Roe v. Wade: Was Another Concern on the Justice’s Mind?

By Ken Feltman
Shortly after he had retired from the U.S. Supreme Court, Justice Harry Blackmun and his wife, Dorothy, joined another couple and my wife and me for a quiet dinner. He was reflective that evening, especially about his love of baseball. We three men at the table shared many baseball stories that evening, clearly boring the women. But Blackmun also reflected on the death penalty and Roe v. Wade.
He said that he had approached writing the opinion in Roe as he did with other opinions. He put aside his personal views and concentrated on the law. He believed that the law should progress one step at a time to avoid a leap too far. Such a leap could create years of tension and divisive confrontation as opponents sought to reverse the decision and proponents tried to shore it up. The shoring up might be with cases that affirmed the original decision and the abrupt shift in the direction of the law. Even better, he believed, would be several decisions that “filled in” the gap between the law before the divisive case and the situation after “the leap.”
Despite his preference for the continuity of the law, Blackmun’s opinion took the issue away from the states, out of the jurisdiction of the courts in the 50 states, and federalized the right of privacy. Was Blackmun haunted by the rumors that were prevalent in government and the media in Washington during President Richard Nixon’s reelection campaign? Even then, people talked openly of how Nixon’s paranoia – discussed and written about beginning nearly two decades before Nixon became president – could have motivated Nixon or his closest supporters to plan and eventually attempt to cover up the Watergate burglary.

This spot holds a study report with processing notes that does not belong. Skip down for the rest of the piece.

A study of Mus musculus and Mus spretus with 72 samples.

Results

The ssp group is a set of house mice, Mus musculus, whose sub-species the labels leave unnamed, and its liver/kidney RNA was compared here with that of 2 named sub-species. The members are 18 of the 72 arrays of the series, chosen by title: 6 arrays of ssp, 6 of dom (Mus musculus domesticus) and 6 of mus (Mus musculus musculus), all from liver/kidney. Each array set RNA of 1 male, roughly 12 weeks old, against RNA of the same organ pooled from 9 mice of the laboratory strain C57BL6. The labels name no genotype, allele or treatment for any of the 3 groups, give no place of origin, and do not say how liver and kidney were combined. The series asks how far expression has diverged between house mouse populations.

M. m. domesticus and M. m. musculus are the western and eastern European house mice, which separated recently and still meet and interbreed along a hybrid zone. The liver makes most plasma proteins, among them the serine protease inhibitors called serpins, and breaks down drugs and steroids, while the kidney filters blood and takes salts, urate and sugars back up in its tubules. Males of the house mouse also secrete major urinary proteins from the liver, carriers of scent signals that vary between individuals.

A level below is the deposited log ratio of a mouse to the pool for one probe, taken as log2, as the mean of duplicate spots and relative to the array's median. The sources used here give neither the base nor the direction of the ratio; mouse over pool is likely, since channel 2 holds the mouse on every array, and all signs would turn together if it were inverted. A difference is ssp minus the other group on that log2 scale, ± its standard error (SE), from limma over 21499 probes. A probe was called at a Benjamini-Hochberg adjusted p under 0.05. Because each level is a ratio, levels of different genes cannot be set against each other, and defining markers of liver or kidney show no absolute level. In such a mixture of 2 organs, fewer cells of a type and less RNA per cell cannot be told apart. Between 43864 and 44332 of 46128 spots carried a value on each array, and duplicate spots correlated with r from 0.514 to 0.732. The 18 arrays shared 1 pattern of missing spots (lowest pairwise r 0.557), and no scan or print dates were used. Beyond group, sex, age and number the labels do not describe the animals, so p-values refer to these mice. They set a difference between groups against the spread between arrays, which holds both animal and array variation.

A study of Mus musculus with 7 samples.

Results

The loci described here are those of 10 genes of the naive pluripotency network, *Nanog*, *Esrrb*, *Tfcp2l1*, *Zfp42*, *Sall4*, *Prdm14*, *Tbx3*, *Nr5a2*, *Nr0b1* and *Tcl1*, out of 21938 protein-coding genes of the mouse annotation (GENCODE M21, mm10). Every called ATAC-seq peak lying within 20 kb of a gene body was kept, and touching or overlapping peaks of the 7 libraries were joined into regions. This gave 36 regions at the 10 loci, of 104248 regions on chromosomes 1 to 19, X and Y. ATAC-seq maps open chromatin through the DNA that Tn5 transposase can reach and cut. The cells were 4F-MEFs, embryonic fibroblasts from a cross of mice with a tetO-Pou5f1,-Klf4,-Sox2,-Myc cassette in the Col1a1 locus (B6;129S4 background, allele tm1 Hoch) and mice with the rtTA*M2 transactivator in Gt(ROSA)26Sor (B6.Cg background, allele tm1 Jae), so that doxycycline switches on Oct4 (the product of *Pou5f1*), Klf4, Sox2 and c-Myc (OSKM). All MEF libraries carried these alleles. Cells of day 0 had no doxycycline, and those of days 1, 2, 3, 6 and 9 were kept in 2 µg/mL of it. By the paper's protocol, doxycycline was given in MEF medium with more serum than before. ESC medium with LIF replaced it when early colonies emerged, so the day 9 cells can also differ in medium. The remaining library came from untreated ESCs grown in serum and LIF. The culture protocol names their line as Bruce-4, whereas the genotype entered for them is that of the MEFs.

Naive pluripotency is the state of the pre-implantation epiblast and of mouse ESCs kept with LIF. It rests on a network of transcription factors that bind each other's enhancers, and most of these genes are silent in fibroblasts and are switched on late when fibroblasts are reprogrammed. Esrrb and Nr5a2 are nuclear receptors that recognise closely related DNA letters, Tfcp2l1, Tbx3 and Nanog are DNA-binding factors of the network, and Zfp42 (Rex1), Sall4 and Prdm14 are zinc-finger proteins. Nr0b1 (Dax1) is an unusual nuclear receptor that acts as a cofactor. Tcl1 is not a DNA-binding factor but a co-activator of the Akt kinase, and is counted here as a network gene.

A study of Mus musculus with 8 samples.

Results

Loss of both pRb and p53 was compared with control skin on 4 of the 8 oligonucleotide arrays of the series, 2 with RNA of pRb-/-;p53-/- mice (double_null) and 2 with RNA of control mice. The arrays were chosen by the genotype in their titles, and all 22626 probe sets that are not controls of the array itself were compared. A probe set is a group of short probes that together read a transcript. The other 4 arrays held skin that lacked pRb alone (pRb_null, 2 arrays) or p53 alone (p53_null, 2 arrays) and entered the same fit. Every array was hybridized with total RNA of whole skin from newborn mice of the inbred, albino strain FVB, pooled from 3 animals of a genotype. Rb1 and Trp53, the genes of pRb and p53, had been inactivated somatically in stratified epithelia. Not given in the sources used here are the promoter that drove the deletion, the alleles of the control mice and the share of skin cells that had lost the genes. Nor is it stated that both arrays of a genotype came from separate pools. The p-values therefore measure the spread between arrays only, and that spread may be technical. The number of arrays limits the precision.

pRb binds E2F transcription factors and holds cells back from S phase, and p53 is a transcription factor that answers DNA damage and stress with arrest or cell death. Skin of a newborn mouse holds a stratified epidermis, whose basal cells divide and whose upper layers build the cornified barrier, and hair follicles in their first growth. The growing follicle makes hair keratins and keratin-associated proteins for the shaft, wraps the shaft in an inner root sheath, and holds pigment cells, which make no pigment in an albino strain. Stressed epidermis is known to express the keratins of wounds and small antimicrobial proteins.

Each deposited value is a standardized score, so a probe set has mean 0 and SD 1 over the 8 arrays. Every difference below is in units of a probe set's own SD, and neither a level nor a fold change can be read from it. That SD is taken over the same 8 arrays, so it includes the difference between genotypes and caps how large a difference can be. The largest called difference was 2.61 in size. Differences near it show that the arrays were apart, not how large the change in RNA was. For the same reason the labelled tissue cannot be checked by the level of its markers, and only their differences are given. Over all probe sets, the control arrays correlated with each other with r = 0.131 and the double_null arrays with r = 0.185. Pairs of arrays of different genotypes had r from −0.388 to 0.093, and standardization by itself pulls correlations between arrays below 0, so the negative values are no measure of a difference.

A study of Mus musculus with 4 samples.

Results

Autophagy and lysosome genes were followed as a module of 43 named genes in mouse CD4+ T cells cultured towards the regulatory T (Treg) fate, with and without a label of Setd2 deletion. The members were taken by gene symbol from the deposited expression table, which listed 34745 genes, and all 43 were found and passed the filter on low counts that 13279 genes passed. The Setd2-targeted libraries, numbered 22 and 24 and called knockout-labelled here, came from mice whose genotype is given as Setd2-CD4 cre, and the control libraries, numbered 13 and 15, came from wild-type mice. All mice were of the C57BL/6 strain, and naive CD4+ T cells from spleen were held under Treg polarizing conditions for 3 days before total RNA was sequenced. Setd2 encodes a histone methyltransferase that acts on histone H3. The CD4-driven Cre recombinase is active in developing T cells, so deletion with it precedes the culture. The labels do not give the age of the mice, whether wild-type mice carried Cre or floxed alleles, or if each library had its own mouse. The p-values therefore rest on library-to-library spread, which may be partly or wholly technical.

Nixon appointed Blackmun to the Supreme Court in April 1970. Blackmun was confirmed 94-0 the next month. He was Nixon’s fourth choice. Lewis F. Powell turned down an appointment (he later accepted nomination to the Court). The contentious battles over the failed nominations of Clement Haynsworth and Harold Carswell followed. Both Nixon and the Senate were weary of the bitterness and Blackmun’s nomination was welcomed by the Senate.
Roe was initially argued before the Supreme Court in December 1971. The case was reargued on October 11, 1972, a few weeks before Nixon’s reelection on November 7, 1972. The decision was announced on January 22, 1973.
Blackmun told us during the dinner that he recognized that the extension of the right of privacy would be analyzed and interpreted in many ways, some intended, some not. Then he said something that echoes in my memory. Slowly, as if reconsidering every word before saying it, he asked us to consider a time when a fearful government, possibly driven to intrusive and even paranoid behavior, might want to violate even the sanctity of the Catholic confessional and the attorney-client privilege.
Often, I have recalled Blackmun’s slow and serious words that evening as I wonder whether and how much Watergate influenced Roe v. Wade.

About Radnor Reports

Ken Feltman is past-president of the International Association of Political Consultants and the American League of Lobbyists. He is retired chairman of Radnor Inc., an international political consulting and government relations firm in Washington, D.C. Known as a coalition builder, he has participated in election campaigns and legislative efforts in the United States and several other countries.